The intersection of technology and medicine is not new. Stethoscopes, x-rays, and cochlear implants are examples of innovations that have signalled medical progress over the last few centuries. As physicians, scientists and engineers moved from observing and defining disease, to increasingly sophisticated ways of treating various conditions, they married clinical evidence with patient need and found better ways to make medical decisions and deliver care.
The epicenter of today's revolution in health care, however, is the collection and review of massive pools of complex patient data (also known as "big data") that allow for more precise, individualized treatment strategies.
This works because we are mining data that goes well beyond typical clinical trial information.
Nat Turner, co-founder of Flatiron Health, a company and Roche partner specialized in organizing the world's oncology information and making it useful for patients, physicians, life science companies and researchers, recently explained that most of the learning that occurs in health care comes from clinical trials, yet 96 per cent of patients do not participate. This represents a tremendous loss of critical information: "It's a huge problem: If 100 patients walk in the door, we're only learning from four of them."
Clinical research explores and confirms the safety and efficacy of treatments within defined populations and guidelines. By contrast, collecting a large volume of data coming from many sources unleashes the potential of real-time, real-world evidence that can help support physician decision-making and improve patient outcomes. As Napoleon Bonaparte once asserted, "War is ninety percent information." The same is true when the battle being waged is against illness; information, and the know how to use it, is power -- and promise.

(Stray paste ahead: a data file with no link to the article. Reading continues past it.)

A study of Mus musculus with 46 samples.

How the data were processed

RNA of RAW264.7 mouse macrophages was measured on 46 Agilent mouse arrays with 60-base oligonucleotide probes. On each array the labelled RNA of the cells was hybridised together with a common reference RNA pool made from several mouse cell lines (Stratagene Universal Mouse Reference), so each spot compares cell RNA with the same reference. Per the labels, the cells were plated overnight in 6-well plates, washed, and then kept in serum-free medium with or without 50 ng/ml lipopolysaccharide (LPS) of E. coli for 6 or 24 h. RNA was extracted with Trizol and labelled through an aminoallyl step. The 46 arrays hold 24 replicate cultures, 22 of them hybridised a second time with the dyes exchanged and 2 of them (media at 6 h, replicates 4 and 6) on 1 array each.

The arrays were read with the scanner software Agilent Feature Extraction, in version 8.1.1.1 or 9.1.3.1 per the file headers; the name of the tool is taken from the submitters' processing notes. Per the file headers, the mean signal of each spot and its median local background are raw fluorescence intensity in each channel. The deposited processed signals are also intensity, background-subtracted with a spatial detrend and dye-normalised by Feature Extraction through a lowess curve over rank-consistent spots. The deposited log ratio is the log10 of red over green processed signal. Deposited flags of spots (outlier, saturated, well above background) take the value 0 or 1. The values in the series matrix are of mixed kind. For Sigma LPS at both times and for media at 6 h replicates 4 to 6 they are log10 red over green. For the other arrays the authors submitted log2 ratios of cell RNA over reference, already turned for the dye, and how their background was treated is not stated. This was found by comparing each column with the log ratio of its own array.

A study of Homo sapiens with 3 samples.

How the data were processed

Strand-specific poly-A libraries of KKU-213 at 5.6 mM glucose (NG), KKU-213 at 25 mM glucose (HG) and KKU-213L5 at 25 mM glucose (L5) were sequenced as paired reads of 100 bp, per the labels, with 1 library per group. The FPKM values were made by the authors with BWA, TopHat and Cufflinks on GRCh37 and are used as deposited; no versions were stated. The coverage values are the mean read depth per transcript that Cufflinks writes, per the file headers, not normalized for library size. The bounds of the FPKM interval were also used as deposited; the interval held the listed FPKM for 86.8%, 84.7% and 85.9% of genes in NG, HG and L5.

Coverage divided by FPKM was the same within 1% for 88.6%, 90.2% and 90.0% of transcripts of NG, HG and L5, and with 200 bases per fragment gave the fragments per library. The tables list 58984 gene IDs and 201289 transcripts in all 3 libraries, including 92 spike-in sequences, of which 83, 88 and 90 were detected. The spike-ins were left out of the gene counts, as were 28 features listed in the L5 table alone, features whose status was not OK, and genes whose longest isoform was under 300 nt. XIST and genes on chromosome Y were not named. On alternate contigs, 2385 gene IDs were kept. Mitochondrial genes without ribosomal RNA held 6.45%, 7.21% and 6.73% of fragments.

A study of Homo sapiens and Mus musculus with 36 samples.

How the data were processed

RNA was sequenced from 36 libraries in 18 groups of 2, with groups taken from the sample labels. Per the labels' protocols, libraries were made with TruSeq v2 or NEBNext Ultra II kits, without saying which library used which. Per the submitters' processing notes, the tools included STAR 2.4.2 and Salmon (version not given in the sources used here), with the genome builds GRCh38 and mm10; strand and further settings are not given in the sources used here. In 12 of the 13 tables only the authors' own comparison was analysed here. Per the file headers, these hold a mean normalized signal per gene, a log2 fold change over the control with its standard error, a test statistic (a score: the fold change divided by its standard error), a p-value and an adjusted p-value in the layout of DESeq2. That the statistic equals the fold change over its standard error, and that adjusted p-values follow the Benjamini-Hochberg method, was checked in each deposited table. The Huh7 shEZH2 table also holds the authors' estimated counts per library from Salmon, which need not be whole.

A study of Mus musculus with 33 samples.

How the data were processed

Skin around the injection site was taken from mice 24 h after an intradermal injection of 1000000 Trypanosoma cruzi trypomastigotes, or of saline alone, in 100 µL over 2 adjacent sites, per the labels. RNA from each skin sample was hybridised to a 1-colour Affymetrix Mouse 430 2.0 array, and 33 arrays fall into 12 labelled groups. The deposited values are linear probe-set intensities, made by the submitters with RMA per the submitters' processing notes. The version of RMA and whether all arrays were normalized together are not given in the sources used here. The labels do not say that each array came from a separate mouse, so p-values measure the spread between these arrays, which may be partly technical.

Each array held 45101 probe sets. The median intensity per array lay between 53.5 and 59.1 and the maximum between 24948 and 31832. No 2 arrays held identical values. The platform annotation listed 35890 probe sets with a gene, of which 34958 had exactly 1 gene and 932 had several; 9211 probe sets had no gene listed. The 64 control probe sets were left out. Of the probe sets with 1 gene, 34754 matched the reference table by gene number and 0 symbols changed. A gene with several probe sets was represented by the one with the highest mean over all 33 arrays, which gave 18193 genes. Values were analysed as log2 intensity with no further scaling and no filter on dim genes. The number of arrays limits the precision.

A cancer patient once described their moment of diagnosis as: "It was like a roar in my head and then I disappeared into treatments I didn't control and protocols I didn't understand. I trusted my doctors but felt myself slip away as they worked to save the life of someone I eventually barely recognized and that often even seemed somewhat beside the point."
That moment was 20 years ago. Today, a laser-like focus on who a patient is, including their individual biology and DNA, is critical to customizing their treatment plan. This is the crux of precision medicine. For the almost 200,000 Canadians diagnosed with cancer this year and their physicians, looking for new ways of generating and aggregating information and applying it to a specific patient fundamentally changes the conversation about treatment. Rather than simply addressing a "subtype of cancer," physicians can turn their focus to the person -- her expectations, her fears, the best ways for her to live with the effects of her treatment, and planning for her next few months or years.
Our quest as a scientific community, as we amass information, should be to create shared, global best practices which enable physicians to make better treatment decisions. It means cooperating across international borders and disciplines, harnessing the trillions of data points that will help more people get and stay well.
Does the rise of big data mean the end of more traditional clinical research? Of course not. There is much to learn from many methods of research. What is ahead, however, is an opportune time to for scientists, researchers, physicians and anyone interested in the future of health care to rethink what we expect from the information we collect and how well equipped we are to apply it.
If we, as scientists and physicians, are to fulfill the promise inherent in the ideology that "data is the new drug," we need to be radical in our thinking and committed to translating the unprecedented volume of information we have about diseases to develop safer, more effective and more individualized treatments. As we at Roche say, let's "do now what patients need next," continuing to explore this powerful and promising intersection of technology and medicine.